As it celebrated its tenth anniversary last week, the Joburg Centre for Software Engineering (JCSE) repeated a call for pledges of support from organisations and individuals for the renovation and refurbishment of the ambitious Tshimologong Precinct in Braamfontein, a planned tech hub and startup incubation centre in the heart of Johannesburg.
JCSE is a joint venture between the University of the Witswatersrand and the City of Joburg.
Wits University vice chancellor and principal Adam Habib told attendees at the launch of the JCSE ten year review that the Wits University is excited about the project because it “ticks all the boxes”.
“Tshimologong will be a place where young people, graduates from Wits, graduates from any institution and people who are not even graduates at all… if they’ve got a fantastic idea they can come here. They can explore that idea, it’s a free space. They will have good bandwidth, good coffee and mentorship. We will have resources from the private sector, venture capitalists coming through. The idea is that we give birth to a whole series of new startups,”said Habib.
While Wits and City of Joburg keep the JCSE alive, the organisation is constantly seeking out more partnerships to deliver on its aims – aiming to be at the crux of “town, gown and private sector” as Habib puts it.
Next door to Tshimologong, IBM is renovating a space to house its new global research lab, one of just 13 outside the US. htxt.africa covered IBM CEO Ginni Rometty’s travel to South Africa to mark an investment totalling 700 million rand that they are making through this project. Microsoft’s 4Afrika programme has also set up an “App Factory” in the Digital Innovation Zone. The City of Johannesburg has invested seven million rands in setting up the Tshimologong Digital Technology Precinct.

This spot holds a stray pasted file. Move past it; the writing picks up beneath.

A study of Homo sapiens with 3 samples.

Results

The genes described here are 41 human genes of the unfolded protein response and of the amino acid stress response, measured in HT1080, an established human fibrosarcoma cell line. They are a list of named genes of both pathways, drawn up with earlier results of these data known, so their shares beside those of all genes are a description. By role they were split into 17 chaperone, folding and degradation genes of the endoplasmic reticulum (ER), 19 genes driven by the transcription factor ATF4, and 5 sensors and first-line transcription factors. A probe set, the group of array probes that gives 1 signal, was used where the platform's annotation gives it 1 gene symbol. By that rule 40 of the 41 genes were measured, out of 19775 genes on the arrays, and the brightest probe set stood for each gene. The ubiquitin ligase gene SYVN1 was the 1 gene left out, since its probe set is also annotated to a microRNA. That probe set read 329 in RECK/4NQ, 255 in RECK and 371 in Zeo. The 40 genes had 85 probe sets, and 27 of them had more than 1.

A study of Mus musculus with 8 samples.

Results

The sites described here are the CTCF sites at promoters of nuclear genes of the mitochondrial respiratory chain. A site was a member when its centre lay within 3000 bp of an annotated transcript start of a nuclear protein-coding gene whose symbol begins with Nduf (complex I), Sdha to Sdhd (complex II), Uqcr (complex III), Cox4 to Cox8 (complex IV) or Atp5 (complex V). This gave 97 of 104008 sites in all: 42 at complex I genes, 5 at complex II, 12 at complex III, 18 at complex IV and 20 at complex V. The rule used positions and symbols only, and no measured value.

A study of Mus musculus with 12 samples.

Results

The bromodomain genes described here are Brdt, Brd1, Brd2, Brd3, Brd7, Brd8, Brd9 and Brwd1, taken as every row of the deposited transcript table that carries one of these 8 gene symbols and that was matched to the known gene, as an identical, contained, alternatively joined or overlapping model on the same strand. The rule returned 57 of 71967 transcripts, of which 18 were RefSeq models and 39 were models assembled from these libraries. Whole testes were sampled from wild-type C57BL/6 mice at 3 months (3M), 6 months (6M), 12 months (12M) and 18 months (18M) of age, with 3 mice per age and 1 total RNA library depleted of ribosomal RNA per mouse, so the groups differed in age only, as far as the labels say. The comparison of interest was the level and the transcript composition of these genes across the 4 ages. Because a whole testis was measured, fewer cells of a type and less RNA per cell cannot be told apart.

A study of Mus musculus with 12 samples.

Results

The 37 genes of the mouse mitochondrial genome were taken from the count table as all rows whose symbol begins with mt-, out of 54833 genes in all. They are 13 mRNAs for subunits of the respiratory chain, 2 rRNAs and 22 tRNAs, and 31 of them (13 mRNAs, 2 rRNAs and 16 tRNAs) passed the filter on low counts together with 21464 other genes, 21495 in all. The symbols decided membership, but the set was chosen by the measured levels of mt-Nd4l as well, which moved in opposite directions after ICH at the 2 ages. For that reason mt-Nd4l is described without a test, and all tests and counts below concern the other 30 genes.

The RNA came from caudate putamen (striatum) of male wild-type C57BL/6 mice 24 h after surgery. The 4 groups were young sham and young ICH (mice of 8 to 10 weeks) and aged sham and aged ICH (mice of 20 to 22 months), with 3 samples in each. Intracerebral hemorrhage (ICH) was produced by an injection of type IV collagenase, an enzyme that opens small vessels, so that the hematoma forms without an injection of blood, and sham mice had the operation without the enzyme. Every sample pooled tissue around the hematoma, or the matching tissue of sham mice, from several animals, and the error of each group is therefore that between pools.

JCSE director Professor Barry Dwolatzky said the organisation has achieved a lot, although budgets were tight.
Dwolatzky detailed some of the JCSE’s achievements in the ten year review document handed out during a celebration of milestones achieved during the past decade. Among them was a partnership with Carnegie Mellon University (CMU), with over one million rands in financial support from the Department of Trade and Industry, to bring the US university’s Capability Maturity Model Integration (CMMI) to South Africa.
“Could have done better”
In its 10 year review, also published this week, JCSE admits in its review that it could have done better at measuring, analysing, and reporting on the impact it has made since the signing of its founding charter in May 2005.
The JCSE took in its first interns in 2005, launched its postgraduate entrepreneurial and leadership training program named CoachLab@JCSE in 2009 and secured premises for the Tshimologong Precinct in 2002.
Despite its many achievements, Dwolatzky says that its goals haven’t changed because the IT sector in South Africa still faces the same challenges it did a decade ago.
“There’s still a lot to do to transform the IT industry in South Africa, women are still under represented and we still (have) the same challenges cost of broadband and access relative to the rest of the world as we did ten years ago,” he says.